Ctrip.com International appears to have put the “single” back into China’s Singles’ Day shopping holiday as the company saw a significant number of solo travelers booking trips on the platform on Sunday.

Single passenger orders on Ctrip accounted for 13 percent of the total on November 11, an increase of 2 percent from the previous year. However, 25 percent of post-’95 customers booked solo trips for November and December during the shopping event. Post-’90s travelers accounted for more than 40 percent of all solo travelers who booked on Ctrip.

More than 40 percent of solo travelers who booked trips on Ctrip were born after 1990

The proportion of older travelers booking on the platform declined while younger travelers, particularly those born after 2000, increased during the shopping holiday, according to company data.

While single passenger reservations on Ctrip can be interpreted as “solo travel,” it is impossible for the online travel agency to state with complete accuracy whether these same travelers are making travel plans with friends who book separately.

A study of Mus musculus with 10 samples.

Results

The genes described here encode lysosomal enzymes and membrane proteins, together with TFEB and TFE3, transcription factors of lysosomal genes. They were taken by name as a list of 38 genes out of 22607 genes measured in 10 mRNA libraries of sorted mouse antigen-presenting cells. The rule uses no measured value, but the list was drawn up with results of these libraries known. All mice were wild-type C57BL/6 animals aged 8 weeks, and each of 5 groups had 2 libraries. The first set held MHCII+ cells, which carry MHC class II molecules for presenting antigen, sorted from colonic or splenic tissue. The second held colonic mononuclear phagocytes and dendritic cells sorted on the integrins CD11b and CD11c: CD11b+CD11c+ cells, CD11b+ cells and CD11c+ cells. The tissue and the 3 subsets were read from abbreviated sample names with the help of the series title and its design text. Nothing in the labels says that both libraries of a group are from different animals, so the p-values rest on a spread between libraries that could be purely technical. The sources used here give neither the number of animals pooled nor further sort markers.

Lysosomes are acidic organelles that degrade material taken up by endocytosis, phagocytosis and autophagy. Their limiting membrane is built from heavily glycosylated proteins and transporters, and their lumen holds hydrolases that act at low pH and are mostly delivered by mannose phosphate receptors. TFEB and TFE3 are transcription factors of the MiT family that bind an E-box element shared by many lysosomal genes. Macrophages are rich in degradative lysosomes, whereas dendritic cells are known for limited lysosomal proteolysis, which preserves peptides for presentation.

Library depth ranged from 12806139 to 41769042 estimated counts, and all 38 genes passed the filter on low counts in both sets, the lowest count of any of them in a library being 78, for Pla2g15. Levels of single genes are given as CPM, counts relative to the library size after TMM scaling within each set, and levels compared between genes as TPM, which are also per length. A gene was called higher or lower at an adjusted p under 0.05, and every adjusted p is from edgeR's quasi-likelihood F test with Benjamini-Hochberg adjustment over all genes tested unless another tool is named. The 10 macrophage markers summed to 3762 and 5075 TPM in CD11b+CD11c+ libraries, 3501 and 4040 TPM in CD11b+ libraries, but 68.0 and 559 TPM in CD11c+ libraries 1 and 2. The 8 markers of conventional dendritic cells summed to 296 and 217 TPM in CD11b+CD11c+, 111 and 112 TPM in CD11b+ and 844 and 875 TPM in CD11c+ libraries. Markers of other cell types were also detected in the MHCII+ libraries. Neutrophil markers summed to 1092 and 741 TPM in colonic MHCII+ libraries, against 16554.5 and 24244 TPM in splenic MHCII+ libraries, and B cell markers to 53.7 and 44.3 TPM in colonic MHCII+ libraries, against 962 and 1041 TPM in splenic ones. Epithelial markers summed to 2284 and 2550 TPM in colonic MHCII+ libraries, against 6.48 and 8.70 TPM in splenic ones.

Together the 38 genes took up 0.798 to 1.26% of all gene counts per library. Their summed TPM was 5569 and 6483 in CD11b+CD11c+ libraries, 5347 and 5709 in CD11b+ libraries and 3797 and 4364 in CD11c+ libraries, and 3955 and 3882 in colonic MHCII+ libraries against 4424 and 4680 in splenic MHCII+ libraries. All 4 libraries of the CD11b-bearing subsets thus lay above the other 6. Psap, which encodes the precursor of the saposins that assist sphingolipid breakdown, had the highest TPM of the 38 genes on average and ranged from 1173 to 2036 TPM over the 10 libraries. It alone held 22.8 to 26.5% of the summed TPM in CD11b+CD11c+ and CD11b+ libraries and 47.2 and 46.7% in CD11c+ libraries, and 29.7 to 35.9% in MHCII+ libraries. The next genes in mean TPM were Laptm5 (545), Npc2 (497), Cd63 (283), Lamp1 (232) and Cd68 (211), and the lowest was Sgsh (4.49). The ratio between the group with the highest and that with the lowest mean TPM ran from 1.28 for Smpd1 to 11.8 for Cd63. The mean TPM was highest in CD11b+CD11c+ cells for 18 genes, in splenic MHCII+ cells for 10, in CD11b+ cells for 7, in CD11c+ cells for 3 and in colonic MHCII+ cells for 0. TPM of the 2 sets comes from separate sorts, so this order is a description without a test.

Women also accounted for a larger proportion of solo bookings for the holiday, following the trend that Chinese women are more likely to make travel arrangements independently. Ctrip noted that 58 percent of solo travel reservations were made by women, showing that “more women are not only economically independent, but also have rich travel experience and the ability to travel alone,” the company explained.

Women account for the majority of solo travelers in China, and a growing number of solo travelers are heading to Northern Europe this winter

In particular, Ctrip said that northern European destinations were popular among solo travelers interested in seeing the Northern Lights this winter. The platform noted that no international destination ranked in the top 10 for trips booked.

With growing interest in seeing the Aurora Borealis, Ctrip said that solo travelers’ reservations for Iceland, Norway, and Finland increased 61 percent from last year. Finland has been actively courting Chinese travelers and recently launched a WeChat mini-program travel guide. Meanwhile, the first direct flights between Oslo and Beijing will begin on Hainan Airlines next year.